In this business, one story often begets another. So it is with my story today on the failure of Common Council Members Damone Smith and Bonnie Russell to pay their state income taxes.
As you may recall, I did a story on the liens filed against six of the nine candidates seeking the vacant Ellicott District seat, which was prompted by an anonymous source mailing me a copy of a tax lien filed against one of them. It prompted me to background all nine candidates.
No sooner was the ink dry on that story than someone else sent me a tax lien filed against one of the current Council members. I again cast a wider net, looking at all nine members.
My research showed that only two had had liens filed against them -- Smith, who represents the Masten District, and Russell, who represents University. In both instances, the liens included tax warrants filed for failure to pay personal state income taxes. That's pretty serious, given that Council members have taxing and budgeting powers.
I've found in my years of reporting that when you find a lien, you often find other issues, so I dug a little deeper, and sure enough, there was more there.
Not all that much on Russell -- three instances where the state suspended her car registration for lapsed insurance.
Smith was another matter.
I learned his campaign habitually fails to file his financial disclosure reports on time with the state Board of Elections. The board has obtained three judgments against him totaling $1,282, none of which he has paid.
This is bad. Not just just because of the pattern, but because Smith is president of Grassroots, the largest political club on the East Side, the one aligned with Mayor Byron Brown.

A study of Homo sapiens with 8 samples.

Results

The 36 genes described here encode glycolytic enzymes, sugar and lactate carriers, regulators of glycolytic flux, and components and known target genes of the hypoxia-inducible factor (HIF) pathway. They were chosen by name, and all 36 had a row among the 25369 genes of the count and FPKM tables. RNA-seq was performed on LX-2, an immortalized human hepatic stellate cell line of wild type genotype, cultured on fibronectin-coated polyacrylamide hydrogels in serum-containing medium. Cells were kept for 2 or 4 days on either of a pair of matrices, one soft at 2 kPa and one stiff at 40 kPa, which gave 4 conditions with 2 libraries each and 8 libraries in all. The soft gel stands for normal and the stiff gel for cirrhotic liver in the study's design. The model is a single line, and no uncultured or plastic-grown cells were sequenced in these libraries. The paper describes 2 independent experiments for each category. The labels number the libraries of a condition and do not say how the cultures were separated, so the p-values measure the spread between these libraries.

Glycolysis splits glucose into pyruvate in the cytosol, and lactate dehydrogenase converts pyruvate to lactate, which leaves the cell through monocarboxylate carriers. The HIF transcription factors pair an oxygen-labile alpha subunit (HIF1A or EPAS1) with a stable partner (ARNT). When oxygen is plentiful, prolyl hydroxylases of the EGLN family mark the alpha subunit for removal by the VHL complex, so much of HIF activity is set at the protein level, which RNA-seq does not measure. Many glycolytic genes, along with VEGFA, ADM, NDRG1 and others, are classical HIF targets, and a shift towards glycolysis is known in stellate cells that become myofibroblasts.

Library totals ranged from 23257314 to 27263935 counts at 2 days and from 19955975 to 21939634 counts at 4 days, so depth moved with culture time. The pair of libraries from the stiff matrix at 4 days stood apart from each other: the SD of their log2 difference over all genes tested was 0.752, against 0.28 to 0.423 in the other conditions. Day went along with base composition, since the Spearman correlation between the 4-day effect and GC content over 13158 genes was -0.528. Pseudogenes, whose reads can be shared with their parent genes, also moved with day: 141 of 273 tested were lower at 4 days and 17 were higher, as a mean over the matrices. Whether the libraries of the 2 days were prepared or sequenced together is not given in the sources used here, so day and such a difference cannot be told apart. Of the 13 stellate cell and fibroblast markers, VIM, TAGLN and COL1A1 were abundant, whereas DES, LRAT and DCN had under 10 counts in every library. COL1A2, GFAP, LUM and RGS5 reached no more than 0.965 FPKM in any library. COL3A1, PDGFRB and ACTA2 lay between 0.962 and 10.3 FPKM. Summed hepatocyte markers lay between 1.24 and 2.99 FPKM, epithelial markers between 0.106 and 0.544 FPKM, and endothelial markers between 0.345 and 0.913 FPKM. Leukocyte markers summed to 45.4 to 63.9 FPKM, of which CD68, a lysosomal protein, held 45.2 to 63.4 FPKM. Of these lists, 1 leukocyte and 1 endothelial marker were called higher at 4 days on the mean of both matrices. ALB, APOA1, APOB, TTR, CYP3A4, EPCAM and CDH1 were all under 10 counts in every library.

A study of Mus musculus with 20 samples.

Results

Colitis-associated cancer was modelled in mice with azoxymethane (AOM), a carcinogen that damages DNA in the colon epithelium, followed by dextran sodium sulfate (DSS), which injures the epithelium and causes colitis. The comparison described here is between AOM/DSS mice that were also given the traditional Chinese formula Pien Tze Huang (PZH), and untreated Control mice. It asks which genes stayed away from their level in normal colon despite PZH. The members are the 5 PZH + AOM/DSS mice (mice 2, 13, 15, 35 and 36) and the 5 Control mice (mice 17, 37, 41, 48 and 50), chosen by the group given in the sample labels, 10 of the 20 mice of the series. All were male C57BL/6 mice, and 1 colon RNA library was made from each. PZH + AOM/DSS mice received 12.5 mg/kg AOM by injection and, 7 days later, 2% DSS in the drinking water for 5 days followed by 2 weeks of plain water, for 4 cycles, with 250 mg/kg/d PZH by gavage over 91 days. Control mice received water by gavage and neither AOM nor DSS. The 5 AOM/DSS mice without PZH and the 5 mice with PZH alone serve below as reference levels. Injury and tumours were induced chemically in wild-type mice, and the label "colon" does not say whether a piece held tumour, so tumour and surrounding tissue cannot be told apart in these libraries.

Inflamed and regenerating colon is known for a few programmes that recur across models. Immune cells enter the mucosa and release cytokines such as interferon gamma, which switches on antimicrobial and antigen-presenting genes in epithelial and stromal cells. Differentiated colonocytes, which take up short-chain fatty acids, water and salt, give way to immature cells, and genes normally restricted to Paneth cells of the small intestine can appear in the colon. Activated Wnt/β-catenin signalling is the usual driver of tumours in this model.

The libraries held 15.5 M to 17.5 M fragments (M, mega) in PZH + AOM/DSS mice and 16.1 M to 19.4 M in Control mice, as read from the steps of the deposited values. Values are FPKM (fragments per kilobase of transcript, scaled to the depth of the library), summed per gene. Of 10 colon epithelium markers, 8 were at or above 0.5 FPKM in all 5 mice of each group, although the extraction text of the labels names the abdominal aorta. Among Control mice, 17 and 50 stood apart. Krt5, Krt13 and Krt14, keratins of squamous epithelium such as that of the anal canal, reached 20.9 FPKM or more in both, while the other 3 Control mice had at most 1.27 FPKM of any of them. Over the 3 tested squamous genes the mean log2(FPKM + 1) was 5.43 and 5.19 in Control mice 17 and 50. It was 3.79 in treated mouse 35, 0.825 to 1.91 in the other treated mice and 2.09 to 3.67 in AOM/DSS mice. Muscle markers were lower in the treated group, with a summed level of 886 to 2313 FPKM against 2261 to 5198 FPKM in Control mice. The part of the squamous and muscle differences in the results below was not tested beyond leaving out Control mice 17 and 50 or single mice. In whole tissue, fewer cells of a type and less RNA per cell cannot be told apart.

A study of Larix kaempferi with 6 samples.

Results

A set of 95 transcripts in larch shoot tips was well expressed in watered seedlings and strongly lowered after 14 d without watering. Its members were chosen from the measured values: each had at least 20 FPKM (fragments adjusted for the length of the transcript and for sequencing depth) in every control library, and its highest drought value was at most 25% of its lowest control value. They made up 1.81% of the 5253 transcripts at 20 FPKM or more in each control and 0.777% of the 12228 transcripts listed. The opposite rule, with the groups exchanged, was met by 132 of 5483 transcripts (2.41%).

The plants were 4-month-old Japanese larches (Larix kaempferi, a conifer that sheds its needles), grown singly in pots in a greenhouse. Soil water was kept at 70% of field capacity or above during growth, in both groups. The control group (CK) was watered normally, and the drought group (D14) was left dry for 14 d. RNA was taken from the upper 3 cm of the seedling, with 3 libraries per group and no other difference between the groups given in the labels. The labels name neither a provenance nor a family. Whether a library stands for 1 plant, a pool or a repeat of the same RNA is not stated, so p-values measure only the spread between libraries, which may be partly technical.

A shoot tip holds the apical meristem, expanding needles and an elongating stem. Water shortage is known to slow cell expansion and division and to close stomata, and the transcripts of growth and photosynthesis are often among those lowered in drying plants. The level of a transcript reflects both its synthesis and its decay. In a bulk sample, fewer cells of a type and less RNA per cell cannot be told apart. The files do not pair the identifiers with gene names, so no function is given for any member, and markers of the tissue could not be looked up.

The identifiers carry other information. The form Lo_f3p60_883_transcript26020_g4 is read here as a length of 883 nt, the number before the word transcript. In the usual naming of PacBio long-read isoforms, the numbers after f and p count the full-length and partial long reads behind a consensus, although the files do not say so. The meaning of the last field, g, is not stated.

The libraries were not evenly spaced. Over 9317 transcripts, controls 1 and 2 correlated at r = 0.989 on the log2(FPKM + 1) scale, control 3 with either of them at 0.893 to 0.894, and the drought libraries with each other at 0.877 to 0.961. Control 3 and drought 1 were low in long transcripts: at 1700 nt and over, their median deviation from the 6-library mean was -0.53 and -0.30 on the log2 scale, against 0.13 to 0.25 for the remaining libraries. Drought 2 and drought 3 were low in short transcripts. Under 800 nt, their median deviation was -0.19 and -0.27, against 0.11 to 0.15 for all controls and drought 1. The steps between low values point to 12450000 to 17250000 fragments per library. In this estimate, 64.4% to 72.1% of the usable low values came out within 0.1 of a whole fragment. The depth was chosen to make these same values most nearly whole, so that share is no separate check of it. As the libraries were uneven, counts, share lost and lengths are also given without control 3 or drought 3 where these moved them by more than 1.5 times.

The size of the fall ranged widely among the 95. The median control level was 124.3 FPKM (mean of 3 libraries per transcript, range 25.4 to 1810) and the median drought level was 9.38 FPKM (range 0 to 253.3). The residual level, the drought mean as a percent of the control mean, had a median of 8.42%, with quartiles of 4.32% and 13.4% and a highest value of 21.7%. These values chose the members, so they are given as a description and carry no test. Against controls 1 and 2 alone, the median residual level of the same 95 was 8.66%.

How can you head a major political organization and be so lax about following election laws?
What does that say about Smith's judgment? Or that of Grassroots, for putting him in charge?
The reaction each Council member had to my inquiry was interesting.
Russell was very open with me, much more than the typical politician. And she didn't dispute that people have a right to be upset with her. All very atypical.
The primary thing I wanted to know was just how much the state determined he owed in unpaid taxes once his protests were adjudicated. The figure was presumably less than the $6,012 stated in the original lien. State officials told me they couldn't disclose what his adjusted tax liability was because of confidentiality laws, which meant I had to get it from Smith. I called his office and cell phone Thursday and Friday, and e-mailed him as well, seeking that number, but did not get a response. Smith had told me in an earlier interview that his protests had resulted in a determination that he had a refund coming, which was presumably applied against the lien. So, just how much he ended up owing the state, beyond the $89 he paid, only Smith is in a position to disclose, and he's yet to say.
Smith has a reputation of being a loose cannon on the Council, quick to turn combative, such as when he called his colleagues "tyrants and despots" when they passed over his favored candidate, the Rev. Darius Pridgen, in favor Curtis Haynes Jr. to fill the Ellicott District seat vacated by Brian Davis.
Smith was civil and mostly cooperative with me -- and I can't say that about everyone in the Bryon Brown crowd -- but I come away from my dealings with him thinking he doesn't have his act together.
There are the big things, like failing to file a tax return for nine years and habitually submitting campaign disclosures late. And, of course, the outbursts in Council chambers.
There are little signs, too.
He's the only Council member who doesn't make his home phone available to the public, and if you can get hold of his cell number, you find out there no way of getting message to him -- his voice mail box is full and not taking messages.
Not a big deal, but telling in its own small way. Kind of unprofessional.